A bipartisan plan is to be unveiled March 28 for support biofuels at a national level to address the country’s increasingly pressing energy security concerns and to systemically promote the development, production and use of biofuels.
The industry body Bioenergy Australia is throwing its weight behind Australia’s Deputy Prime Minister Michael McCormack and the Shadow Minister for Climate Change & Energy Mark Butler as they present a national plan for the biofuel industry. A release from the body said that about 100 Senators and Members of Parliament will be attending the event.
According to Bioenergy Australia, the plan’s goals include improving energy security, creating opportunities in the agricultural sector and reducing emissions.
A study from Queensland University of Technology (QUT), called ‘Biofuels to bioproducts: a growth industry for Australia’, will also be presented. It is expected to report the economic benefits of growth in the biofuels sector. Bioenergy Australia says that the report shows 2080 direct jobs and another 6570 indirect jobs could be created if there is an increase in the use of E10, which is currently permitted in Australia but not mandated.
It also says that more than A$1.1 billion (over €681 million) in additional income could result from a new biofuel policy.
The report sets out a five-point plan to acheive this kind of growth:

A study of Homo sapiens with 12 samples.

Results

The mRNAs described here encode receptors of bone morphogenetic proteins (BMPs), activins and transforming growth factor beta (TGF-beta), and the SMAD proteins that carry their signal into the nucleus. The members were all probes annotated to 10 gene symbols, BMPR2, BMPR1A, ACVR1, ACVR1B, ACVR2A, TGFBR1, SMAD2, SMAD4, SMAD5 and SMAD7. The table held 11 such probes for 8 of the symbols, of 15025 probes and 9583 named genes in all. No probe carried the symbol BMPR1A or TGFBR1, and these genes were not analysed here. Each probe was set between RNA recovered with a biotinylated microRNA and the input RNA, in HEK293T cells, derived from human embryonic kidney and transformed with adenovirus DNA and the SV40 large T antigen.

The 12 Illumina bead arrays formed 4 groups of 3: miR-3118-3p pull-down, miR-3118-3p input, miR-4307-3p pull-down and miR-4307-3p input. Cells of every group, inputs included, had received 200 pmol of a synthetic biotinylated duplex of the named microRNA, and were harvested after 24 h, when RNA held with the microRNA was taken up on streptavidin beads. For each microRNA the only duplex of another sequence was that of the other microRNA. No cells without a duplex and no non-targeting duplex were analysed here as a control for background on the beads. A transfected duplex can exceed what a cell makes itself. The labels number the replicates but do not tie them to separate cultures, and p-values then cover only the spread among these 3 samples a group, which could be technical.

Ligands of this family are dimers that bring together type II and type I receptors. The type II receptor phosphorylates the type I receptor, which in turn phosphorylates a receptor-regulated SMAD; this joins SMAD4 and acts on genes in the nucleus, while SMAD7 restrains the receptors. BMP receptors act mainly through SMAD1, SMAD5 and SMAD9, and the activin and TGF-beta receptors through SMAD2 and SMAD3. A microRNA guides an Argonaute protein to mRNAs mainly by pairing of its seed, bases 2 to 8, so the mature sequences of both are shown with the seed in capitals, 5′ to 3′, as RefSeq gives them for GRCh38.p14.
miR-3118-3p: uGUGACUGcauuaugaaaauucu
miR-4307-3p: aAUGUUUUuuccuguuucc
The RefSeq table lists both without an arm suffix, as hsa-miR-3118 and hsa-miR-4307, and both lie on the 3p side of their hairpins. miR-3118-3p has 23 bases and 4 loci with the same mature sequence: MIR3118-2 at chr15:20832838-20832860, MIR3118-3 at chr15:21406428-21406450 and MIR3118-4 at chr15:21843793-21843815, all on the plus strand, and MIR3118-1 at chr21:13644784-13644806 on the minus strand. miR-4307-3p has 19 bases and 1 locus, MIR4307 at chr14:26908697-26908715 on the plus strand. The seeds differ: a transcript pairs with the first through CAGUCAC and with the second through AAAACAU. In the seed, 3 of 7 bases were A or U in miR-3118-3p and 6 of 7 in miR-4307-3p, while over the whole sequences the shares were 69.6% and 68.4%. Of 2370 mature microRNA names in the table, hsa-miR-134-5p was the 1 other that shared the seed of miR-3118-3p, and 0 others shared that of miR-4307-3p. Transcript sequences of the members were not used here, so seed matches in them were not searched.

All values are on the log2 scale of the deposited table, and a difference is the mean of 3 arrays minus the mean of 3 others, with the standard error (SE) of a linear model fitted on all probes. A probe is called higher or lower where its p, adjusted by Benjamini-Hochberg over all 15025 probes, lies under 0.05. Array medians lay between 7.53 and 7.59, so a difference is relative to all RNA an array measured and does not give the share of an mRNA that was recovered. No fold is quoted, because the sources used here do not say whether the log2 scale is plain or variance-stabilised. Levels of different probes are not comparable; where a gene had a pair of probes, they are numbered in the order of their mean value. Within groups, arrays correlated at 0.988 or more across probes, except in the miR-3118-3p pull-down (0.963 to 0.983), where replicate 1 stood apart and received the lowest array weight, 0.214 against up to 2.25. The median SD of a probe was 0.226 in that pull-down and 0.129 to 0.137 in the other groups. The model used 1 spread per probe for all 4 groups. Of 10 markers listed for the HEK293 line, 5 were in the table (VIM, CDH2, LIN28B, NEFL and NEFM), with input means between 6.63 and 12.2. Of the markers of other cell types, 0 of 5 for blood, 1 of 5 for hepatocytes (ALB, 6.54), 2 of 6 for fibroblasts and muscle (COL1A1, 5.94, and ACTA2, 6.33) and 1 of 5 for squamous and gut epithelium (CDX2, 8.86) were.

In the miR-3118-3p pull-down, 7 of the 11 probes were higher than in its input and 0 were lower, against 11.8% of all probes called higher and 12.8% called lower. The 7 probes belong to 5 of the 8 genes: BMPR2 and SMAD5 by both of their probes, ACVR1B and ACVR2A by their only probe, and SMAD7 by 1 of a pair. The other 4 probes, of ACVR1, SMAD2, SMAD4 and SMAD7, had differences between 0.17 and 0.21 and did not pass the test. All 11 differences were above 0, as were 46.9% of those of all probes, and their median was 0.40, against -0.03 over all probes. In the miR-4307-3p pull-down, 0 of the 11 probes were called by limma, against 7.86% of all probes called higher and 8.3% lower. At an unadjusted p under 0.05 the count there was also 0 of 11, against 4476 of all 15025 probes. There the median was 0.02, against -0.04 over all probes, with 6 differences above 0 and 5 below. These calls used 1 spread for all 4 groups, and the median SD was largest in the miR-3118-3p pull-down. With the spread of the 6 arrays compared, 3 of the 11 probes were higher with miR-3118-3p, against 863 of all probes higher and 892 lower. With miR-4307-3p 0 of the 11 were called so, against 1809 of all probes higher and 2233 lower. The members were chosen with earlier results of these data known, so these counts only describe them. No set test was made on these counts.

1. Develop a national biofuels, bio-based products and bioeconomy strategy
2. Implement a national biofuels mandate supporting the introduction of higher quality fuels
3. Provide supporting mechanisms of education, incentives and infrastructure
4. Establish policy frameworks for advanced/drop-in biofuels, biochemical and bio-based products
5. Support commercial developments through industry and research collaboration.
Energy security, as well as economic benefits, comes as part of the pitch for an overarching biofuels policy.
Australia has struggled to maintain its strategic fuel reserves. 15 March, a report from the Australian Parliamentary Joint Committee on Intelligence and Security reiterating concerns about the country’s liquid fuel stockpiles. Australia has the lowest stockpiles of any International Energy Agency (IEA) country; as of December 2017 it had 47 days’ worth of oil in reserve. IEA members are obligated have at least 90. The next lowest country is New Zealand, which exactly meets that obligation.
Bioenergy Australia looking to highlight the role that biofuels could play in addressing this issue, biofuels being able to displace a proportion of petroleum.